A unique identifier (name) for the lockset.
The identifier of a previously-defined named schema. Imports all of the named schema's fields. No parentheses are required, and no other fields are permitted. Named schemas must be defined in dependency order. If a schema is used before it is defined, an error results.
A schema definition, delimited by parentheses, in the following format:
A field definition takes the form:
A unique name for a field in the schema associated with the stream. For table indexes, if the field references a named schema, the entire schema is used as the key.
One of the supported StreamBase data types.
The following statements create a named schema and then reference it in a lockset:
CREATE SCHEMA SymbolSchema (ID int, Symbol string, Price double); CREATE LOCKSET Lockset1 SymbolSchema;
The same lockset could have been defined using an anonymous schema, like this:
CREATE LOCKSET Lockset1 (ID int, Symbol string, Price double);
Here are two more examples of locksets with anonymous schemas:
CREATE LOCKSET Lockset2 (ID int, Symbol string, Price double); CREATE LOCKSET Lockset3 (ss SymbolSchema, Quantity int);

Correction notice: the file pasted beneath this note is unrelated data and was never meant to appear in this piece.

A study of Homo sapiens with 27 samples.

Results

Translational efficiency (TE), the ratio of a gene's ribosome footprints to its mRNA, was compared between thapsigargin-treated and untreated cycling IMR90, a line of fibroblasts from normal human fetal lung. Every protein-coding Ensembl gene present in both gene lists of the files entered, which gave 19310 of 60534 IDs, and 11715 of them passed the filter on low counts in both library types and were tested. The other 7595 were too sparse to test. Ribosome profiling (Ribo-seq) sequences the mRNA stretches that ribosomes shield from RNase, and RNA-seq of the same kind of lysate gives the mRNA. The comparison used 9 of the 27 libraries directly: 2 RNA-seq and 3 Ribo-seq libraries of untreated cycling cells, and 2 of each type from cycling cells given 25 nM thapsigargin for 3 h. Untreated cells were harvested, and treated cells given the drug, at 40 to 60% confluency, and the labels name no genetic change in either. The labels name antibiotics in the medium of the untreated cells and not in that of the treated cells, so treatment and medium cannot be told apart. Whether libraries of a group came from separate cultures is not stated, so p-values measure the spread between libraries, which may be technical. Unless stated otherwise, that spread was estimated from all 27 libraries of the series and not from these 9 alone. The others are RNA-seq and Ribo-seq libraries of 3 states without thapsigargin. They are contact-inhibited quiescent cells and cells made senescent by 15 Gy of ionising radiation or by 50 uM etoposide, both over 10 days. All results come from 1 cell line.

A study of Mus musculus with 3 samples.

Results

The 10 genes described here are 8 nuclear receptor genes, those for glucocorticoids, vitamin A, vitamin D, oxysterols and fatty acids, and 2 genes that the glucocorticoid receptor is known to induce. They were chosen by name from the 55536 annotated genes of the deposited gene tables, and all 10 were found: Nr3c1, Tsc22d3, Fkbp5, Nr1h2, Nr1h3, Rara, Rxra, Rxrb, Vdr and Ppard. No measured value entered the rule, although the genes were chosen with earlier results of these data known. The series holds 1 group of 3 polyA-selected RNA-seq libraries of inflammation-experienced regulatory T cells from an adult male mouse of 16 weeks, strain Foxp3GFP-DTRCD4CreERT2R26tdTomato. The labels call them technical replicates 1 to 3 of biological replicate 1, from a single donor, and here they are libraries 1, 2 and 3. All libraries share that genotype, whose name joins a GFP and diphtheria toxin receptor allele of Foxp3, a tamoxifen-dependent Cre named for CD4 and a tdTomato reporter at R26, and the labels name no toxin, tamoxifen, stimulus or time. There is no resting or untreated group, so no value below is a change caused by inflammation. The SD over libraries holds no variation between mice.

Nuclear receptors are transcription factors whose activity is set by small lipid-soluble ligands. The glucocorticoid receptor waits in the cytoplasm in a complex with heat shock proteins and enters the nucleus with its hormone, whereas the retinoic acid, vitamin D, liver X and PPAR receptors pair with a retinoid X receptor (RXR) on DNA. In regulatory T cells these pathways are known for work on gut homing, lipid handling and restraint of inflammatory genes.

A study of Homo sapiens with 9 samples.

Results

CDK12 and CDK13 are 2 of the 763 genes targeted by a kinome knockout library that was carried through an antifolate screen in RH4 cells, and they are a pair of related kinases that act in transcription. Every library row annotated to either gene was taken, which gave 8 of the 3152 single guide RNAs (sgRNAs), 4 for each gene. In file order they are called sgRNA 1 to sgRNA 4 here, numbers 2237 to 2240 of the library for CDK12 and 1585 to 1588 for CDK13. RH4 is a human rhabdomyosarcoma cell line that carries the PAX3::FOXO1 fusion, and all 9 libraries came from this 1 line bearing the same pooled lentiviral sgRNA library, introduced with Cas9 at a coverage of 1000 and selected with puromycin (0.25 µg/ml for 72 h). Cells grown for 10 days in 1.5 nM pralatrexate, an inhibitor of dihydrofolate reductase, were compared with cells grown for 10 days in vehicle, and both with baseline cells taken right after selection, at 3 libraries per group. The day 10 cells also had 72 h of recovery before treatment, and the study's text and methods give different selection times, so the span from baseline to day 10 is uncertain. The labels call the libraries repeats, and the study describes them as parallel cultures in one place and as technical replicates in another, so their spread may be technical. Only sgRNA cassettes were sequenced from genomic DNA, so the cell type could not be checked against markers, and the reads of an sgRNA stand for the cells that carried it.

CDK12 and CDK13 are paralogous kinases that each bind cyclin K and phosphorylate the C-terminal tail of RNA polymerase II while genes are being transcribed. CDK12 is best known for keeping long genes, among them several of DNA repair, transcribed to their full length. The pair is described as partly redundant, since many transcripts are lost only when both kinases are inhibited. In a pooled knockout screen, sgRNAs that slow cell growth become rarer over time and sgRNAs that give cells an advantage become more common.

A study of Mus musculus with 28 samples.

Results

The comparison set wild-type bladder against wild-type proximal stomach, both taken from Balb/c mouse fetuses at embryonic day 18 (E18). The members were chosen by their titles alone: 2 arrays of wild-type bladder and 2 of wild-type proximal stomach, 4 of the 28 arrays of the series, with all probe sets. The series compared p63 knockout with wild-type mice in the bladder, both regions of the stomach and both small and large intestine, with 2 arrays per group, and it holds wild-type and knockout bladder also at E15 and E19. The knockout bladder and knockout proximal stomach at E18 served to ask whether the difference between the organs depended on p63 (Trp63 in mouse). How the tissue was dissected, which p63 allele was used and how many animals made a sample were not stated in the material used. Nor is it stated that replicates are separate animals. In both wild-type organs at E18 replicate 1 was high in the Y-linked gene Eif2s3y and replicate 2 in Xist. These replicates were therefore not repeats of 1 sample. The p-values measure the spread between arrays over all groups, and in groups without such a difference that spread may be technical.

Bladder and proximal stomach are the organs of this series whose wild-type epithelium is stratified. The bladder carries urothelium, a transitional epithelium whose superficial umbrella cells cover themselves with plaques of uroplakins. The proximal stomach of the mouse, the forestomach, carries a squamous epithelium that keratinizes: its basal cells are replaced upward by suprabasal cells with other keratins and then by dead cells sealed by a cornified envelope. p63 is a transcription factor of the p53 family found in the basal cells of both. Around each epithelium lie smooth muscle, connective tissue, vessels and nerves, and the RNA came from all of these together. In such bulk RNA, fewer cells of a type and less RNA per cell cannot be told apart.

The second anonymous schema combines a reference to the named schema shown earlier with another field. It is equivalent to:
ss (ID int, Symbol string, Price double), Quantity int
The LOCK and UNLOCK statements can control the flow of tuples in an application by buffering tuples based on some condition in the LOCK statement, which can then be released by the UNLOCK statement. A LOCKSET manages the locks and their state.
A LOCKSET can be defined with a onefield or multi-field key. Paired LOCK and UNLOCK statements must use the same key to manage a lock within the LOCKSET. A single LOCKSET can manage multiple locks (as long as they use the same combination of field types for the key) and therefore can be used by multiple LOCK/UNLOCK statement pairs.